Many fatal crashes are caused by people driving or riding when they're tired. Riding a motorcycle is more tiring than driving a car. If you feel tired, don’t ride. Don’t risk your life or those of other road users.

Recognise the warning signs

Some warning signs are:

  • having trouble focusing, keeping your eyes open or holding your head up
  • daydreaming, wandering or disconnected thoughts, memory loss
  • yawning or rubbing your eyes repeatedly
  • drifting from your lane, tailgating and missing signs or exits
  • feeling restless and irritable.

Tips to help you avoid fatigue

  • Get a good night’s sleep before riding, preferably 8 hours.
  • Avoid riding during the hours when you are normally sleeping. 
  • If you normally have a mid-afternoon nap, avoid riding at this time.
  • Make sure that after sleep, you're fully awake before riding.
  • Don’t drink even small amounts of alcohol. It makes fatigue much worse.
  • When taking long trips, include rest breaks in your journey plan.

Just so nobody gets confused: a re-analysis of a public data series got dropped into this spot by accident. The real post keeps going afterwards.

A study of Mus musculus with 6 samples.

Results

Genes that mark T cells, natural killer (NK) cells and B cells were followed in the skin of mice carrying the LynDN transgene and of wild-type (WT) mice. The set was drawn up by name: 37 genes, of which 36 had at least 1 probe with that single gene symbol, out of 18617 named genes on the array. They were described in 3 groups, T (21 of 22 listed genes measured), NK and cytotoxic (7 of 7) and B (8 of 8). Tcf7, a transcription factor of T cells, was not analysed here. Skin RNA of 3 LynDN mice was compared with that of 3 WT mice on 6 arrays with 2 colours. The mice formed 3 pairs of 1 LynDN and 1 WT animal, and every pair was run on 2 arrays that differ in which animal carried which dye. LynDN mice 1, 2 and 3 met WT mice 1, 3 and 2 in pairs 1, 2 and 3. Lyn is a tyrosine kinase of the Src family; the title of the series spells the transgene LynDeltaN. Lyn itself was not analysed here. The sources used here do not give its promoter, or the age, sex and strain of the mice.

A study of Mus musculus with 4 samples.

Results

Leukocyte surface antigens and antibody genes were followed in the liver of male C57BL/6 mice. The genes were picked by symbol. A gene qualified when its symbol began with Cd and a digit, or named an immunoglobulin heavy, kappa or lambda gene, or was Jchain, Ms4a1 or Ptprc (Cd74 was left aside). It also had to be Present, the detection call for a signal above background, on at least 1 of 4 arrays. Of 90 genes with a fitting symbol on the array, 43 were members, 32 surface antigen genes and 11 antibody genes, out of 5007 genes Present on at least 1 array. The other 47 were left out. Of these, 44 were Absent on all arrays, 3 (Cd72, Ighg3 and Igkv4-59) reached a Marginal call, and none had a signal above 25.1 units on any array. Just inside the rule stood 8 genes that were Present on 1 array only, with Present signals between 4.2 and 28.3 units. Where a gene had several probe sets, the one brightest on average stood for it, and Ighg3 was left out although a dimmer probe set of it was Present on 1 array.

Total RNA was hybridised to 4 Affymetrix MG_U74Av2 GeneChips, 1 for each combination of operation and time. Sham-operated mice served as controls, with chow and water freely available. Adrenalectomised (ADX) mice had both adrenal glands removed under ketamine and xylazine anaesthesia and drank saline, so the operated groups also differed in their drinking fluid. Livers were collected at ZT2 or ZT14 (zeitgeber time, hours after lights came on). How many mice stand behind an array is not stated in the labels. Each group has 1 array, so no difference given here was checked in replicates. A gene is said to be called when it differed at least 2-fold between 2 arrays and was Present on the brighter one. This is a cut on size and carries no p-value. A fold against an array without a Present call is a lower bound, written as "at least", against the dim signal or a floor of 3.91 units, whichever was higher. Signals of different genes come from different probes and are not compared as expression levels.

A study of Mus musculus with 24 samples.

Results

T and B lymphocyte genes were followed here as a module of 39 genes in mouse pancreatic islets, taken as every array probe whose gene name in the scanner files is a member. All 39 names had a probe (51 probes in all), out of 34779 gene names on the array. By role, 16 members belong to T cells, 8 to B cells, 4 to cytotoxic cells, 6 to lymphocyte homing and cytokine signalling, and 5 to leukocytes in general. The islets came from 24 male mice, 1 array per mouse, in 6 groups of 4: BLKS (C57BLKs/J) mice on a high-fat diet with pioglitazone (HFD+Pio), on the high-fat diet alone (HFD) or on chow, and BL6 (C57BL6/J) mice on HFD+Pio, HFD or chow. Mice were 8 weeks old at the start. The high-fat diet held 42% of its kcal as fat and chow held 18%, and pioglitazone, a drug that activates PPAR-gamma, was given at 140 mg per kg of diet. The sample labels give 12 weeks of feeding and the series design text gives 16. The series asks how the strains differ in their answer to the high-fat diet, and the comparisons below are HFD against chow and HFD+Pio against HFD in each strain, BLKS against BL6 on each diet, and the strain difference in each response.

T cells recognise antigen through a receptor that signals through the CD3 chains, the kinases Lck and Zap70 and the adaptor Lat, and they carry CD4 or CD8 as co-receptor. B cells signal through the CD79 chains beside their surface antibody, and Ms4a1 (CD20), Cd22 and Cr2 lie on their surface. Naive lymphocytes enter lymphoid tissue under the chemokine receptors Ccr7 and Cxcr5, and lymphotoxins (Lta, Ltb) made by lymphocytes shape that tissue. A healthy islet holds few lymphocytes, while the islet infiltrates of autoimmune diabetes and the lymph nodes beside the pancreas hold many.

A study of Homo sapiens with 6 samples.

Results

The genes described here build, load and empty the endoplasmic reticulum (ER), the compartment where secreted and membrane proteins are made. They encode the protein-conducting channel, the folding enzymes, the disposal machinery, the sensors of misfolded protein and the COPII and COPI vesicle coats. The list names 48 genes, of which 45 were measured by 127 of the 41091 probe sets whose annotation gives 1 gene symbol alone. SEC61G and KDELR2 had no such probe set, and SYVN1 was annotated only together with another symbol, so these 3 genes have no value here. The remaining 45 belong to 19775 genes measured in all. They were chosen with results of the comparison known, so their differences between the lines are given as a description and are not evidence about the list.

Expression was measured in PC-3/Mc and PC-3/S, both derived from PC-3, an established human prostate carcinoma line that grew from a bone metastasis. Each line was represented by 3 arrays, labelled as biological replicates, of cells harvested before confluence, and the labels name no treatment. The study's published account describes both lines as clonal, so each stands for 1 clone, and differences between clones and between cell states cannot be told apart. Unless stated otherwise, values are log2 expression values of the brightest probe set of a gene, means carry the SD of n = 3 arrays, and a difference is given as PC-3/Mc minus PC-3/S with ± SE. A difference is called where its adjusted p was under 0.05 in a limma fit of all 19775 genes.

• Snack on light, fresh foods. Fatty, sugary or carbohydrate-filled foods, can make you tired.

Stop to revive, then drive

During long trips, take rest breaks about every 2 hours or every 100 kilometres.

If you start feeling sleepy or notice any warning signs:

  • don’t keep riding – pull over in a safe place, as far off the road as possible
  • take a 15-20 minute power nap. Try not to nap for longer than 40 minutes or you may feel groggy and disoriented afterwards – this is called sleep inertia
  • wait at least 10 minutes before you start riding again, to make sure that you're completely awake.

Once fatigue has set in, no amount of willpower will keep you awake. The only answer is sleep and you should stop for a short nap or seek help to get home. If you still feel sleepy, don’t ride. Find a place to sleep for longer or for the night.